Recently I attended a business plan writing workshop hosted by the Champlain Valley chapter of SCORE (http://score284.org/) and Merchants Bank, which made me think this is as good a time as any to talk about the dreaded subject of business planning. I’m not going to tackle how to write one in this article. This is more about the whys and wherefores of doing it at all.
I call the subject “dreaded” because those of us who are not business people going into this adventure are more than a little intimidated by the task. I know it felt like a huge, daunting term paper for me, and I have plenty of writing experience. What was hard for me, I think, was the nagging awareness that writing a business plan could force me to admit all the things that I did not yet know enough about, which could, in turn, take the wind out of my sails. Gross margin, huh? Market share, whaaa? Although it did in truth make me feel mighty uninformed – if not downright stupid sometimes – writing the thing did not take the wind out of my sails. Far from it. It gave me focus and confidence (once it was all done), and a roadmap with which to sail the boat.
So what is the reason for doing it at all? There will be times when you absolutely need a business plan, such as if you are applying for a loan, or if you are seeking investors. For those purposes, you will want the best, air tight plan you can come up with. But even if you are seeking neither loans nor investors, the best reason of all to write one is to allow you to think through your business idea thoroughly and solve the problems that you will inevitably see as you do your research.
I did not write a business plan before we started. In fact, I didn’t start it until we were a good six months into the business. And it probably took me another six months to write. Before you are alarmed by that, bear in mind that with two kids and another job on top of the business, I could only steal a few hours every couple of weeks to do it. I would guess that it took me about 30-40 hours of my time to complete. It will take others considerably longer, and still others a fraction of that time.
Some will tell you that you really should write one before you do anything concrete related to the business. That is a good rule that we did not follow. For us, because we started so small with very little money out-of-pocket to get us going, it worked just fine for us to wait. For one thing, waiting gave us a little bit of real world sales data on which to base our projections. For another, we had a better sense of what we needed to do to grow, which gave the plan more purpose. If you will be sinking some real funds into your business right from the get-go, I recommend you follow the wise advice and do the homework before you get started.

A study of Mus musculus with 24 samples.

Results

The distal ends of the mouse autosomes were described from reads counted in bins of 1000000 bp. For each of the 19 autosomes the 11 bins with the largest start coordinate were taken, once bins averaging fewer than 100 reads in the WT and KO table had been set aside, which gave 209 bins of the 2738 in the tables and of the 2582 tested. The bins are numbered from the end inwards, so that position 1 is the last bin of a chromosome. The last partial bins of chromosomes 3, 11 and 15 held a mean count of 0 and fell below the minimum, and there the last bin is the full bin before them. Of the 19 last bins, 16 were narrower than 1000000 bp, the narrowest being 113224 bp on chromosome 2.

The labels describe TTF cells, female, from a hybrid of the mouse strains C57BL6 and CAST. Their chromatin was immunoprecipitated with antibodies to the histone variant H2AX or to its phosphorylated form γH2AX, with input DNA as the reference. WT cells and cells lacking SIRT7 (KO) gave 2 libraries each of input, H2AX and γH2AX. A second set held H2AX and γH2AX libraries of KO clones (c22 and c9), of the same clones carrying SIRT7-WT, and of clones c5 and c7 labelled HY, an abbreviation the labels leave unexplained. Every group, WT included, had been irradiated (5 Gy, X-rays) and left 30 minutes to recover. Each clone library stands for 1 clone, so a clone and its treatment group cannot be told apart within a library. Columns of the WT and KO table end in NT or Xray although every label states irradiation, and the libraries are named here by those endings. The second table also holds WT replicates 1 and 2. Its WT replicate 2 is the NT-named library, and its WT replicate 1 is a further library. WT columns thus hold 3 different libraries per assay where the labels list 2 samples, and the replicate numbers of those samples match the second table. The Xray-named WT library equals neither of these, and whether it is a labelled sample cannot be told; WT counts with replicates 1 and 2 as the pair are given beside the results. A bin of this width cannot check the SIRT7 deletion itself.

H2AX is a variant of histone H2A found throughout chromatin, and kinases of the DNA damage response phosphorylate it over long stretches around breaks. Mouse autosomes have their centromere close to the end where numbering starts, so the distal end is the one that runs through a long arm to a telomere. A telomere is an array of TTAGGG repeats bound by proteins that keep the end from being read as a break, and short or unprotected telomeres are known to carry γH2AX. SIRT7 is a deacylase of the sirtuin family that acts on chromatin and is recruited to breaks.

Let me digress here for a minute to say that, in my opinion, you do not need to spend money on a special business planning software package. I did, and ultimately, I did not use that software to write the plan. There are a number of free options you should take advantage of. SCORE, for example, has a free template you can use to build your plan (http://www.score.org/business_toolbox.html). I also discovered, after wrestling for months with one particularly user-UNfriendly software program, that Quickbooks has a built in business plan tool that allows you to import your actual financial data to build your financial models. Hellooooo. Much easier.
For me, one of the best resources for writing the plan was to review other sample plans. There are numerous sample plans available for free on the internet. For example, entrepreneur.com has a collection of 50 sample business plans to review free on their website (http://www.entrepreneur.com/businessplan/a-z/).
Definitely look for the SCORE chapter near you (www.score.org) and watch for one of their inexpensive seminars. Although it really just gives the broad strokes of the basic elements that need to be included, it will make the process more accessible. And get yourself a SCORE counselor to help you as you slog through the process. Send them each section as you have a “finished” draft for their comment. Their services are free. Can’t beat that.
If you want more of an in-depth course in business plan writing, look for a continuing education class through a high school or local college. In the Burlington area, the Women’s Small Business Program offers a 15 week course on how to plan and start a business that results in a completely written business plan by the end of the course (www.wsbp.org). It is not cheap, but they have financial aid available if you qualify. I know one successful business owner in Burlington who swears by this course.
You can always hire a consultant to write your plan for you. However, it would be my advice to go through the process yourself first, and if you feel your finished product needs more work, hire the consultant to hone it for you. Sure, it would be great to have a professionally written plan, but if you ask me, the most valuable part about having a business plan is the education you got while writing it.